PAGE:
Chicago footballers remember lost friends with breast cancer awareness fundraiser
By John Harrington
When at their best, GAA clubs are as much about community spirit and fun as they are sporting endeavour.
That’s perhaps especially true for clubs located outside of Ireland where they provide a home away from home and the sort of environment where lasting friendships can form.
Fun and friendship were certainly top of the agenda on September 25 in Chicago Gaelic Park for the annual Broomsticks and Boobs Ladies Gaelic Football Tournament hosted by Erin’s Rovers Ladies Gaelic Football club.
The event remembers two friends lost, former Erins Rovers player Donna Doyle O’Doherty and former Aishling Gaels players Annette Reilly Coen, who both passed away from cancer.
O’Doherty passed away in 1999, but her friends have kept her memory very much alive by setting up the Donna Doyle O’Doherty charitable fund.
It’s a fitting tribute, because Donna herself started the Rovers tradition of fundraising for worthy causes by designing and selling tshirts over 25 years ago that raised money for Rush Hospital’s Women’s Cancer Research Center.
Since her passing, the fund in her name has done a variety of good deeds, such as obtaining bicycles for special needs children, supporting women in abusive situations, providing meals for families in need, and supporting many other local benefits.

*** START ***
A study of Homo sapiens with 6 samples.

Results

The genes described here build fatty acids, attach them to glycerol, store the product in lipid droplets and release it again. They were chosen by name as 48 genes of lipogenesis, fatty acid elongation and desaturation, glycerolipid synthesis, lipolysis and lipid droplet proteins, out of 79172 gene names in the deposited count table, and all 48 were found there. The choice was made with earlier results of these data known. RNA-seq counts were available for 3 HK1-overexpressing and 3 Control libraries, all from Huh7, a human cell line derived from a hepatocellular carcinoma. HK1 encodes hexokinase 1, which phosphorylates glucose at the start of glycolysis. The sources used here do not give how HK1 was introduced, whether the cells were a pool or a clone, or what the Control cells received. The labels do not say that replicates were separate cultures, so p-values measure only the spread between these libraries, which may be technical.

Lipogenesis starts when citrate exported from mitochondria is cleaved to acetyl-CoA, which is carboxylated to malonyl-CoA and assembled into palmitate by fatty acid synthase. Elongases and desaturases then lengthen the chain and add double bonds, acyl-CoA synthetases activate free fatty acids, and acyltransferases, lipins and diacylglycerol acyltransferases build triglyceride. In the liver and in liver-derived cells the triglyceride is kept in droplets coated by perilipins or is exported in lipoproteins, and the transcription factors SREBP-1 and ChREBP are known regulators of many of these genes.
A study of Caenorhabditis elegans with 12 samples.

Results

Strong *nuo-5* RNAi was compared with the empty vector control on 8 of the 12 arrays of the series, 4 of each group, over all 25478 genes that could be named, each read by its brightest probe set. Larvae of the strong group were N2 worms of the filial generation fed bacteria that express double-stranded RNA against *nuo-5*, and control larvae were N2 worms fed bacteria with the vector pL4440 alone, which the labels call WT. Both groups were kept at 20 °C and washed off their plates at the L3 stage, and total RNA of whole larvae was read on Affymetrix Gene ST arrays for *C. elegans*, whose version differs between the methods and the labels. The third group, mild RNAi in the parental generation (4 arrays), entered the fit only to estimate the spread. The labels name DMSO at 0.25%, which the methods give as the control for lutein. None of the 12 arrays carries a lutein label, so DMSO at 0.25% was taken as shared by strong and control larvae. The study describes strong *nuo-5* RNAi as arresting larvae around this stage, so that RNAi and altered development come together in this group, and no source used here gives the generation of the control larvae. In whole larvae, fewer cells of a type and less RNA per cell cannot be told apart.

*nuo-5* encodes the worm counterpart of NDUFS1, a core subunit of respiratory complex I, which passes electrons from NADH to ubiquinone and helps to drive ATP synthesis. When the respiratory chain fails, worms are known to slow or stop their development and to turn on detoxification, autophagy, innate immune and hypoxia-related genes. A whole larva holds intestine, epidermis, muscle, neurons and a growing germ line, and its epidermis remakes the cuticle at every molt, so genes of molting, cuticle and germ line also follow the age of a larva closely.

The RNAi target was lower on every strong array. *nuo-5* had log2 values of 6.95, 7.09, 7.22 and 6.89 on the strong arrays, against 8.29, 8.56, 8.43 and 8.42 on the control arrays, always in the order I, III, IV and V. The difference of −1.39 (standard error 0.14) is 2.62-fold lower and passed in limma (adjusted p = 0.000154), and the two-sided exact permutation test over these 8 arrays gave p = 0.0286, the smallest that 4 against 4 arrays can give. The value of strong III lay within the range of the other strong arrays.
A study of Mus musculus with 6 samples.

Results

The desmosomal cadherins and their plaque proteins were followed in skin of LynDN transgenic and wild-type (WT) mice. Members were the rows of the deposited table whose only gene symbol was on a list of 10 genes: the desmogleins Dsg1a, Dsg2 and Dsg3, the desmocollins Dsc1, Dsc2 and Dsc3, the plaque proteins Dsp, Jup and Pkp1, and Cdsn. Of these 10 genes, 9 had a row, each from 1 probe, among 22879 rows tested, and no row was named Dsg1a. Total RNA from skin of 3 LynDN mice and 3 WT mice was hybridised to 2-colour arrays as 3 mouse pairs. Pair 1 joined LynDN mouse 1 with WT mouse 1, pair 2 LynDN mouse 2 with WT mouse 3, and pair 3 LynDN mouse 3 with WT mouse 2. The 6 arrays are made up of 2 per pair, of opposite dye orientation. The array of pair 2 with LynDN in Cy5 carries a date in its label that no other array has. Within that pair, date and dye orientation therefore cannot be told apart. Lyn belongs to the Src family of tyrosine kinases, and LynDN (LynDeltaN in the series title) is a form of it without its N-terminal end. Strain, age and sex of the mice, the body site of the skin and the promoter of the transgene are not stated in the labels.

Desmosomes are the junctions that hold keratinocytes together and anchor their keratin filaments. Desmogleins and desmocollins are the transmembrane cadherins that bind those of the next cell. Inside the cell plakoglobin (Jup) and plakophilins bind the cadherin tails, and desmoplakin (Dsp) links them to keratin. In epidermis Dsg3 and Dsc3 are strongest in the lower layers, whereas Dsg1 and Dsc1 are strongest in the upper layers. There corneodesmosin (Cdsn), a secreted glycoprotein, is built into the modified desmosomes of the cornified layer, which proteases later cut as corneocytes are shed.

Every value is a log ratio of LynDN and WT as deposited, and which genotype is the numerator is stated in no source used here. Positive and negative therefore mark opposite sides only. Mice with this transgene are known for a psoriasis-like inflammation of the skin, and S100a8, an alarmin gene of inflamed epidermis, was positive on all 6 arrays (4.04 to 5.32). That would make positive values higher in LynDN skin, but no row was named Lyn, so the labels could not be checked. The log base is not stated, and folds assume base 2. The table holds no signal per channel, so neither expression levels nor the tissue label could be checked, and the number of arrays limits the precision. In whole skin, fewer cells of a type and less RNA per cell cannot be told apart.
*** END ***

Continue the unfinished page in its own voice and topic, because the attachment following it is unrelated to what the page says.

As you might have guessed, all funds raised by the annual Broomsticks and Boobs Ladies Gaelic Football Tournament goes to breast cancer research, and the day is as much about good fun as it is a good cause.
Master of ceremonies was Chicago GAA Games Development Administrator, Colm Egan, who embraced the mood of the day by refereeing matches in a very fetching tutu!
“It was a very cool event, we did the whole thing in fancy dress,” he told GAA.ie.
“There was an Under 35s section and an over 35s section. In the over 35s section you could have three boys on your squad as long as they were dressed in drag.
“The other cool thing this year, some of our youth programme graduates who are boys got the opportunity to play with their moms in this tournament. So it was great fun to have 19/20 year old lads playing a match with their moms on the same team.
“I refereed the whole thing in a tutu and it was just great craic. We had 140 women in the one place so we had information for breast cancer screening and sign-ups for mammograms.
“We tried to drum up the charity side of it, we had an entry fee and there were t-shirts for sale and things like that to raise some money for the Donna fund.
“It was just a really fun, inclusive day which is what the GAA is all about here in Chicago.”